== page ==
The usual suspects are casting
Mobil’s partial defeat in a proxy shareholder battle on Wednesday as a Waterloo for fossil fuels. Sorry—the vote is a reflection of the enormous political pressure and financial leverage of government pension funds, proxy advisers and asset managers like
that want to be seen as virtuous to the progressives who are now in power.
The San Francisco-based hedge fund Engine No. 1 formed in November of last year and set out to overhaul Exxon’s board. Its goal: Make the biggest U.S. oil and gas company “transition” out of its legacy business. The fund enlisted big public pension funds and exploited the pandemic’s ravages.
Exxon had to “wake up” and “get out of the oil and gas focus,” California State Teachers’ Retirement System (Calstrs) Chief Investment Officer
said in December. Critics said Exxon’s board was too deferential to management, which had invested in U.S. shale and cranked up debt as oil and gas prices plunged.
Critics also flogged former CEO
big bet on Canada’s oil sands, which became unprofitable amid low prices. Exxon’s main misjudgment was to underestimate the impact of U.S. shale fracking on oil prices. It was late to shale and then paid a hefty sum for fracking pioneer XTO Energy in 2010.
While its European rivals have forged into renewables like wind and solar, Exxon has made a long-term bet that the world will need oil and gas for many more decades. It estimates that some $12 trillion to $17 trillion in new investment will be needed to generate enough oil and natural gas supplies to meet global demand through 2040.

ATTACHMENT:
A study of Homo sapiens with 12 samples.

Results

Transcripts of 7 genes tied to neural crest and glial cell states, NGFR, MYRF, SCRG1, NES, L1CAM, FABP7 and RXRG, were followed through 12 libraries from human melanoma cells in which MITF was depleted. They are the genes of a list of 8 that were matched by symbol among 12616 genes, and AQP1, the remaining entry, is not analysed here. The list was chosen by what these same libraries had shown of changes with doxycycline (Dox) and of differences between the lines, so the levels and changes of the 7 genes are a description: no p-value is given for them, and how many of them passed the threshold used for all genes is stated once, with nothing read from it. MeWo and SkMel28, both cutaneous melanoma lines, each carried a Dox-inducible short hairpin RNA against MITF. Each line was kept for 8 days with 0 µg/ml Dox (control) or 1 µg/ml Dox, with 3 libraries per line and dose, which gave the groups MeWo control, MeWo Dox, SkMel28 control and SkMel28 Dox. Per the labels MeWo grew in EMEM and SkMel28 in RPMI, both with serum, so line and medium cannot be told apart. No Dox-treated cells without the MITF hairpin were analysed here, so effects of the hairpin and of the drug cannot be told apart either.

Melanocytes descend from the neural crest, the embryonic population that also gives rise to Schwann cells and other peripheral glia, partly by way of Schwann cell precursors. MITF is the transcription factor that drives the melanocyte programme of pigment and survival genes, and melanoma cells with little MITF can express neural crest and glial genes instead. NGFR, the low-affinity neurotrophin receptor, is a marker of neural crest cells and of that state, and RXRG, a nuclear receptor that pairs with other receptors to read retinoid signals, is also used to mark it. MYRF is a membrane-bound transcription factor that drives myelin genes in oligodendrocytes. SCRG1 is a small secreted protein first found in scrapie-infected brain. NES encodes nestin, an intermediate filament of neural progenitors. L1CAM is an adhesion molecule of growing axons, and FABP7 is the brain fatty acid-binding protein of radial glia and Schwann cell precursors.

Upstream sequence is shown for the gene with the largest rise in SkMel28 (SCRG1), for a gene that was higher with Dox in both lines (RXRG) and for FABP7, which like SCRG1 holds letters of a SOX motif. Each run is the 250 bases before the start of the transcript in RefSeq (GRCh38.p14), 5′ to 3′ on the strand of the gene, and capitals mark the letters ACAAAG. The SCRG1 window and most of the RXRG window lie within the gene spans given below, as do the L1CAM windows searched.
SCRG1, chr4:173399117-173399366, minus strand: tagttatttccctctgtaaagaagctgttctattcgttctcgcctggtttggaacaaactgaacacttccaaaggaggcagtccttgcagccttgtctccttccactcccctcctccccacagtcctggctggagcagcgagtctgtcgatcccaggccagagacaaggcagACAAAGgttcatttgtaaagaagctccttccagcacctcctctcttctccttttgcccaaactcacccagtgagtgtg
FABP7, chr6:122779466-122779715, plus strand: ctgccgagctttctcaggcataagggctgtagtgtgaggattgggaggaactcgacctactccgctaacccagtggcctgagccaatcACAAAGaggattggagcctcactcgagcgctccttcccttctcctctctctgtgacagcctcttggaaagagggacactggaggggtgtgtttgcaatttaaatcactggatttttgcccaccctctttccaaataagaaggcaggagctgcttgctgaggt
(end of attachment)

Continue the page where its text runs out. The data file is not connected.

Low-income countries will need oil and gas to modernize and replace dirtier energy sources like coal and wood, as Nigeria’s Vice President
explained last week at a Columbia Global Energy Summit. Liberals in wealthy countries including the U.S. want to ban the internal-combustion engine. But Nigeria’s poor won’t be buying Teslas.
This is why Exxon’s European rivals are continuing to develop new oil and gas projects. Russia has no intention of scaling back its investments. Even Canada’s biggest pension funds are boosting investment in oil sands producers as prices recover from the pandemic. Exxon’s stock, by the way, is up 42% this year.
Engine No. 1 saw an opening with the pandemic and took it. A preliminary vote count on Wednesday showed that shareholders backed at least two of its four board candidates. But who are these shareholders?
Namely, big union pension funds like Calstrs and asset managers like BlackRock, which are trying to get in the good graces of the anti-fossil fuel crowd who run Washington. Proxy adviser duopolists Glass Lewis and Institutional Shareholder Services, which make recommendations to institutional investors on how to vote, also lent their support to Exxon’s opponents. This wasn’t a revolt by retail investors against fossil fuels. It was a progressive political coup.
Exxon won’t benefit if it exits its legacy business and dives head-long into renewable development where it has no expertise.
fuels aren’t going away, and Exxon won’t prosper if it acts like they will.
Copyright ©2020 Dow Jones & Company, Inc. All Rights Reserved. 87990cbe856818d5eddac44c7b1cdeb8
Appeared in the May 27, 2021, print edition.